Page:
Limited liquid scent will be legal under new rules

Correspondent

Madison  New language in emergency rules governing deer baiting
and feeding have some hunters believing they can’t use deer urine
and other scents this fall.

Not true, said Thomas Van Haren, the state’s natural resources
policy officer for the Bureau of Law Enforcement.

“Last year’s emergency rules did not place a limit on the amount
of liquid scents and did not allow for the use of any solid scent
materials,” Van Haren said.

“It was not our intent to prohibit all solid scent materials, so
the rule language regarding use of scents was modified.”

Van Haren said liquid scents are legal to use for hunting deer
and may be used in scent drippers, mock scrapes, branches, etc. The
scent can be accessible to deer, but the amount is restricted to
not more than two ounces.

In addition, the new emergency rules allow hunters to use solid
scent materials to attract deer, including gel sticks, tarsal
glands, and other solid scent materials.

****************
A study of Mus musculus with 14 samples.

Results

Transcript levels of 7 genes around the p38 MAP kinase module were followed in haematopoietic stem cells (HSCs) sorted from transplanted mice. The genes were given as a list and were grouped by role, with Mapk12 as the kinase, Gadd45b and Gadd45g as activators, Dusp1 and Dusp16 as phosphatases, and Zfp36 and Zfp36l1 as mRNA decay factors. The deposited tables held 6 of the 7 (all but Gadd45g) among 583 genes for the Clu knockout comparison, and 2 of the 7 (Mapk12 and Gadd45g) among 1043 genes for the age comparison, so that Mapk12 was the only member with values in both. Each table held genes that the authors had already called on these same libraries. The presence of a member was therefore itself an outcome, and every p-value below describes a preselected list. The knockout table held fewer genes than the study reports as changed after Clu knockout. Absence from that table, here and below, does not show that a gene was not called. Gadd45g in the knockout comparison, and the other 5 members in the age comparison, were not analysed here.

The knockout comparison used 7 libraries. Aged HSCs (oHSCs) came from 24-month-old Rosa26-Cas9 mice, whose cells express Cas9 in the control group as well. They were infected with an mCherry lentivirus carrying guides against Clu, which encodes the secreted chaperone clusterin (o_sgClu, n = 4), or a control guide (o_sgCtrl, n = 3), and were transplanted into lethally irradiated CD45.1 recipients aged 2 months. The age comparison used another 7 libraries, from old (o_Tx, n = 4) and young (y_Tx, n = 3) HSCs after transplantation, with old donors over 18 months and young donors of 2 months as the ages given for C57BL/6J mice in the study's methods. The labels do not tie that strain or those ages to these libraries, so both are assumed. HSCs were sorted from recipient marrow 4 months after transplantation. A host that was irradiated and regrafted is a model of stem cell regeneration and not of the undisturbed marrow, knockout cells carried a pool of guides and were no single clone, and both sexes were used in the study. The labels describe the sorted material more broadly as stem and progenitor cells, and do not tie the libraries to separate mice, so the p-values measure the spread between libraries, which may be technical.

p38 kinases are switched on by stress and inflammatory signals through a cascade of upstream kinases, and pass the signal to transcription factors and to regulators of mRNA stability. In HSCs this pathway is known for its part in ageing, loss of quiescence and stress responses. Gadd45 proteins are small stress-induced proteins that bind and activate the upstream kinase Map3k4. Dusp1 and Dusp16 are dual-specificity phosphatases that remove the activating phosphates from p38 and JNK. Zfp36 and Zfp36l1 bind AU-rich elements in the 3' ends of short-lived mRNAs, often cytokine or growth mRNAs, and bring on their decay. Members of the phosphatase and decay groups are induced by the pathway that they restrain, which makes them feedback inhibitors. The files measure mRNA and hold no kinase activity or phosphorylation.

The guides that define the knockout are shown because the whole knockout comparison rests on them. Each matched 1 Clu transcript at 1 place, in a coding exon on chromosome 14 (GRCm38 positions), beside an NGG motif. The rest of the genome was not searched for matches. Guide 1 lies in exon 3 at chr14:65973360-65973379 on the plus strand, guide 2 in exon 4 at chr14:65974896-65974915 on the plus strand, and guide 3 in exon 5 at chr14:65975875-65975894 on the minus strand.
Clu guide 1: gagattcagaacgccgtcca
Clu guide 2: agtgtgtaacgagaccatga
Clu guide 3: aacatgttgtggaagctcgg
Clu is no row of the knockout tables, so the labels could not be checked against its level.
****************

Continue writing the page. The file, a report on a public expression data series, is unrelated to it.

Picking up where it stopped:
A bag of apples could even be used, Van Haren said, as long as
the solid scent material cannot be accessed by deer.

In addition, hunters must remove the solid scent material at the
close of hunting hours each day.

“Although scents are considered bait, the rules were written to
allow the use of scents under certain restrictions,” Van Haren
said.

The official language reads, “Scent may be used for hunting deer
or elk provided the scent is not placed or deposited in a manner
that it is accessible for consumption by deer or elk, and
non-liquid scents shall be removed daily at the end of hunting
hours for deer established in s. NR 10.06(5).”

“Two ounces or less of liquid scent may be placed or deposited
in any manner for hunting game,” Van Haren said.